By Kimberly Witt
Of all of the things from the magical world of Harry Potter I wish were real, the Room of Requirement is at the top of my list. Mostly because I want to build a museum for all of my children’s nostalgic trinkets and trifles, but I don’t have the space in my city house without a guest room.
The other day I was doing some cleaning and organizing, and I came across four pairs of my younger son’s first glasses. There was the browline pair we lovingly refer to as his Malcolm X pair. There were blue frames and gray frames. There was the first pair of clear frames, a middle school fashion hipster choice. I could picture each little face that held each adorable pair, and I wanted to keep them forever.
But I won’t.
While I don’t Marie Kondo everything in my house, I am mostly a minimalist. I hate having things cluttered on my kitchen counters, and more than once a year you’ll find me filling boxes and garbage bags with unwanted items to donate or give away on the neighborhood Buy Nothing page.
However, through the years, intentionally or not, I’ve gotten rid of sentimental items I would love to see at least one more time.
When our sons first joined our family (they were born in Ethiopia and adopted at ages seven and eight), our older son had a favorite navy t-shirt featuring a screen-printed basketball. He loved that t-shirt like I love Reese’s eggs, and when it came out of the drawer, his million-dollar smile stretched across his face. Because I loved to see that joy, I did a load of laundry every day so he could put it on each morning. And when he outgrew it, like some unfeeling robot, I put it in the donation pile.
Now he’s 18 and will soon leave for college, and I would give anything to have it sewn into a quilt or tucked under my pillow.
If this Room of Requirement Childhood Museum was real, my problem would be solved. I would revisit those special items without filling more plastic totes and taking up nonexistent space in my house.
In my magical museum, that t-shirt would be framed and mounted on the wall with every single piece of artwork I heartlessly recycled. Under each masterpiece would be a statement from the artist, explaining, for example, his inspiration and process for that mishmash collage of construction paper he glued together in 1st grade.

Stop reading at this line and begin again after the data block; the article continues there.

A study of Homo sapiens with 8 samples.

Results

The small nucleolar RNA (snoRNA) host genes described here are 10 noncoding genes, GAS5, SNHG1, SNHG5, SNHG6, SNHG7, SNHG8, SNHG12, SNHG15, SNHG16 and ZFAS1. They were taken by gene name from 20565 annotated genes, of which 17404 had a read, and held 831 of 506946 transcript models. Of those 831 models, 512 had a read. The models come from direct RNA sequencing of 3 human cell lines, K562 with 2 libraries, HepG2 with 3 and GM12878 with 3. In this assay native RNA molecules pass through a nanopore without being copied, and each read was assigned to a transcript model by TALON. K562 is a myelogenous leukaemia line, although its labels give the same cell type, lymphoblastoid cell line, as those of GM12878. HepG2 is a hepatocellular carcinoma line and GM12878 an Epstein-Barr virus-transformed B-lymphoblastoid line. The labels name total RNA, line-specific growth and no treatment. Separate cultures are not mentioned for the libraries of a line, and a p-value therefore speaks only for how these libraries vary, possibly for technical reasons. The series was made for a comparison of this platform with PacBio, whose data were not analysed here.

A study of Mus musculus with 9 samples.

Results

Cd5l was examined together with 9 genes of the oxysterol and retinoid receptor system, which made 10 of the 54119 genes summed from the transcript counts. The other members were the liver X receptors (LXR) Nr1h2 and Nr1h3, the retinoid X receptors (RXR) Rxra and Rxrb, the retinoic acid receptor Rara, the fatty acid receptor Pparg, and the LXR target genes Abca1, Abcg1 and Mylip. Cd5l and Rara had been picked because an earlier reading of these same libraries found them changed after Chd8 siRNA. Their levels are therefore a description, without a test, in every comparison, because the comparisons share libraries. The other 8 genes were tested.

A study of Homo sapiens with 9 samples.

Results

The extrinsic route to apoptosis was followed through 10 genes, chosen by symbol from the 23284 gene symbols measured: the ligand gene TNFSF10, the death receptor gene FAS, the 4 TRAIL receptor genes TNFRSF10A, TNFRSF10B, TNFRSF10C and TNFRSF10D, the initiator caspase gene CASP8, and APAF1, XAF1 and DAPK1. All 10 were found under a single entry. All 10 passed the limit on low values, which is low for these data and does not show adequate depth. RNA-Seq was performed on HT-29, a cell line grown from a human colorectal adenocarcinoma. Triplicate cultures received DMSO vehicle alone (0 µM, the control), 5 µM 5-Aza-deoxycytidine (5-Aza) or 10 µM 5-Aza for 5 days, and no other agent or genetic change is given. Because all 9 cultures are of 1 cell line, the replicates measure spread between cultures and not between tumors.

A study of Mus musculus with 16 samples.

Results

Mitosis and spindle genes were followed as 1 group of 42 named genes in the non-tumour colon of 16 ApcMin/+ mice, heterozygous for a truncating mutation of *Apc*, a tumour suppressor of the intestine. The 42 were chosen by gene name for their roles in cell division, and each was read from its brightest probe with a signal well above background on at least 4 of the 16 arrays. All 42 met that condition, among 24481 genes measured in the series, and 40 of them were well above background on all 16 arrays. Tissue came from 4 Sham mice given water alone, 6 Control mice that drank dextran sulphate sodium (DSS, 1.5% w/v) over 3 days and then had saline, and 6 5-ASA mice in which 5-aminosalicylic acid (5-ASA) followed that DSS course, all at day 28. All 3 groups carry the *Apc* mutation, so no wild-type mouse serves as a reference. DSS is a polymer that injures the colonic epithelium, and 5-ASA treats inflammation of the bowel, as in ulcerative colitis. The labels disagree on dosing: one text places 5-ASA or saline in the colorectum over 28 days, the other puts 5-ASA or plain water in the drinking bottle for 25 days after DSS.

The glasses collection would be carefully set up in a display next to outgrown soccer cleats and basketball uniforms. They don’t need to be scrubbed clean; I want to see the grass stains again.
I would have an entire wing dedicated to favorite toys, even the noisy ones. I might accidentally step on a Lego, but it wouldn’t hurt. And even though my son played Bop It! for so many endless hours that I threatened to toss it out the window of our car, in this magical world, “Twist it! Pull it!” would be as soothing as the lullaby of waves on the ocean.
Multimedia exhibits to play Rio, Phineas and Ferb, and each installment of the Madagascar movies would be at the center of my museum. The well-worn red sofa from our previous basement would be there, too, in case visitors wanted to cozy in while Dr. Doofenschmirtz exclaimed “Perry the platypus!”
And because this place is magical, there would also be home videos, even those that never existed. When we first became a family, a friend told me to take lots of video recordings, especially of our boys speaking Amharic together. But of course I didn’t listen. I was too busy feeding everyone and washing the same basketball t-shirt every day. But in my magical museum, I would have all of those recordings, ready to play at my whimsy.
When that made me too sad, though, I would just turn the corner into the dance party wing of the museum.
Here our favorite family jams would play on repeat, all the songs featured in family kitchen dance parties, like Vance Joy’s “Riptide” and “Paper Planes” by M.I.A. When I was ready to bring the mood down again, the playlist would shift to the Beatles’ “Blackbird” or “Hey Jude.” In the background, my children’s tiny voices would pump through the exhibit, singing along with their off-pitch, misquoted lyrics. Because, magic.
This would be a fully-immersive sensory experience, too, so I could smell my small boys with fresh cocoa butter after a bath and hear their giggles from a backyard soccer game. And even though it might not be the sweetest smell, maybe I would catch a whiff of a post-game soccer uniform.
Finished with my nostalgia fix for the day, I would walk out the door and leave it all behind. Whoosh! My storage room would be a storage room again, and my nearly-grown, quick-witted teenage sons would be there to greet me with a mischievous grin and snarky comment.
In the magical gleam in their eyes, I’ll catch a glimpse of those innocent, rambunctious seven and eight year olds. That’s the real magic, not just the Harry Potter kind.
Kimberly Witt is an Iowa transplant placing roots in St. Paul, Minnesota. She enjoys running with her husband, laughing at life’s absurdities, and writing about the miraculous messiness of parenting teens. Connect with her on Twitter and at her website.